RHINELANDER - We need to wait awhile to figure out how the sale of Wausau Paper's Rhinelander and Mosinee mills will really effect the communities.
But Friday night, we did find a sense of cautious optimism coming from city leadership.
Rhinelander Mayor Dick Johns worked at the paper mill from 1955 to 1994. He's seen plenty of changes at the plant over the years, including three separate sales.
That past experience keeps him hopeful for the future.
"Confident's not a good word, but I'm hoping that it will be," Johns said. "That's important to all of us. You know, we have PrintPack down on the other side of town, that's an improvement to our community and we're proud of that and we're proud of that paper company."
KPS Capital Partners in New York invested $130 million to buy the two Wisconsin mills.
They're offering Wausau Paper 25 percent ownership in the new paper company they plan to form. Wausau Paper claims the investment group has "significant experience" in the paper business.
Mayor Johns hopes KPS understands Rhinelander needs to keep its mill.
"Any industry in this day and age is important to the community, especially when it's over 100 years old, you've had it here and it's been a part of your community for those many years," Johns said.
The sale isn't official just yet. There are seveal steps to go through, including establishing a new collective bargaining agreement with the unions.
Wausau Paper hopes to wrap things up by the end of the second quarter this year.
KPS invested in Waupaca Foundry, Inc., based in Waupaca, Wisconsin. Just last month, Waupaca Foundry dolled out a $200 million return to investers.
STEVENS POINT - Stevens Point police want your help finding suspects in two possible stabbings. The stabbings happened early Friday morning and early Sunday morning near downtown Stevens Point.
Friday, four young men got into a fight on Main Street. One man said he was stabbed in the chest. Police say the suspect is a black man in his mid-20s, about 5' 9" tall, with a muscular build and short hair. The victim was treated at the hospital and released.
Sunday morning, police responded to an incident at 2nd Street and Crosby Avenue. Witnesses heard glass breaking and people yelling about a stabbing. Police don't have a victim or suspect description in that case, but they don't believe the two stabbings are connected.
If you have any information about the stabbings, call Detective Sgt. Gruber at 715-346-1518.
You can also call Portage County Crimestoppers to remain anonymous at 888-346-6600.
STATEWIDE - City, county, and town leaders hope you Turn Out for Transportation Thursday night. Seventy-one of the state's 72 counties will hold public forums for people to learn more about the state's transportation budget.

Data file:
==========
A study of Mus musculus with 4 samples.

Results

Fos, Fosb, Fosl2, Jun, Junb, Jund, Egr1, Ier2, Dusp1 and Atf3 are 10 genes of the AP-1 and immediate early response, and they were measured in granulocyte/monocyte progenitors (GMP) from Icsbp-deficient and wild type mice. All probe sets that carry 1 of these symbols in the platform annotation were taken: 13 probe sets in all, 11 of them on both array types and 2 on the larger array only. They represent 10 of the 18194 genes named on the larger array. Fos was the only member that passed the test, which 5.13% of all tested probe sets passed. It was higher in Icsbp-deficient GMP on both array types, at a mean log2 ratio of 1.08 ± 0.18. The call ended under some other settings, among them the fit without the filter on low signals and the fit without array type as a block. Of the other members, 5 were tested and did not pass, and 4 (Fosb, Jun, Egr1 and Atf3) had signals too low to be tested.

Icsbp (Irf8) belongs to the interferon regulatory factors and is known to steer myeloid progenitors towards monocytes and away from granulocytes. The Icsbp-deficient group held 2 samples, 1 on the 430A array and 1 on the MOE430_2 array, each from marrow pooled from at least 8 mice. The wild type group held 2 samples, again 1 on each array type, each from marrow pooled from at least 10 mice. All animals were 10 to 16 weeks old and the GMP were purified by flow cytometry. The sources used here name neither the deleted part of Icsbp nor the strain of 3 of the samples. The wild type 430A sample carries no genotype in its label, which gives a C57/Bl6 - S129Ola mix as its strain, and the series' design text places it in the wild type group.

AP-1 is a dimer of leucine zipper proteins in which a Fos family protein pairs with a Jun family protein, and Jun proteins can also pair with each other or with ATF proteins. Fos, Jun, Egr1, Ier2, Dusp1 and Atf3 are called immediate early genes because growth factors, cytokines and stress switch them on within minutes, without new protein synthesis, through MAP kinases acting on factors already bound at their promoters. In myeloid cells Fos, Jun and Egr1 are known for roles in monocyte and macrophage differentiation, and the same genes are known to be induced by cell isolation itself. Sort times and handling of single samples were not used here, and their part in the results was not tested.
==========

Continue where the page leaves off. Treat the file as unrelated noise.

The idea for the forums comes from the "Just Fix It" campaign, which many counties have supported to encourage state lawmakers to find a better way to pay for roadwork.
You can find the location and time for your county's meeting via the link below.
FLORENCE - In Florence County, more people work in forestry-related jobs than in any other industry.
"It's unbelievable, the way I put it," said logger Jaden Streu. "There are a lot, a lot of jobs and a lot of people that are retiring."
Streu graduated from Florence High School this spring and immediately went to work for his family's business, CTL Timber Harvesting.
Streu was among the presenters at Wednesday's Log-A-Load educational day at Florence.
"I think the big thing is, this industry is changing, from some of the equipment [the students] saw that was working here today. It's highly technical equipment," Florence District Administrator Ben Niehaus said.
"My favorite station was the sawmill," said Florence fourth grader Hannah Holdaway. "I didn't know that they cut it with a machine. I thought they just cut it with a saw."
"I think they leave here with a whole different perspective of, 'Wow, this isn't just a chainsaw and something that looks like a bulldozer that picks wood up and decks it on a log truck. There's a lot more to it,'" Niehaus said.
People like Streu would like to leave a positive impression of the forestry industry on students.
"We hope that they leave [saying], 'This ain't bad. This is a good thing,'" he said.
Hopefully, as Streu sees it, some of these learners will someday become his coworkers in the forest.
"We need the younger generation to come in, like me, to take it over and keep it going," Streu said. "It's a family business and I can have kids, hopefully, and be able to show them and bring them up in it and keep it going generations after generations."
Students from both Florence and Wabeno came to the Log-A-Load day.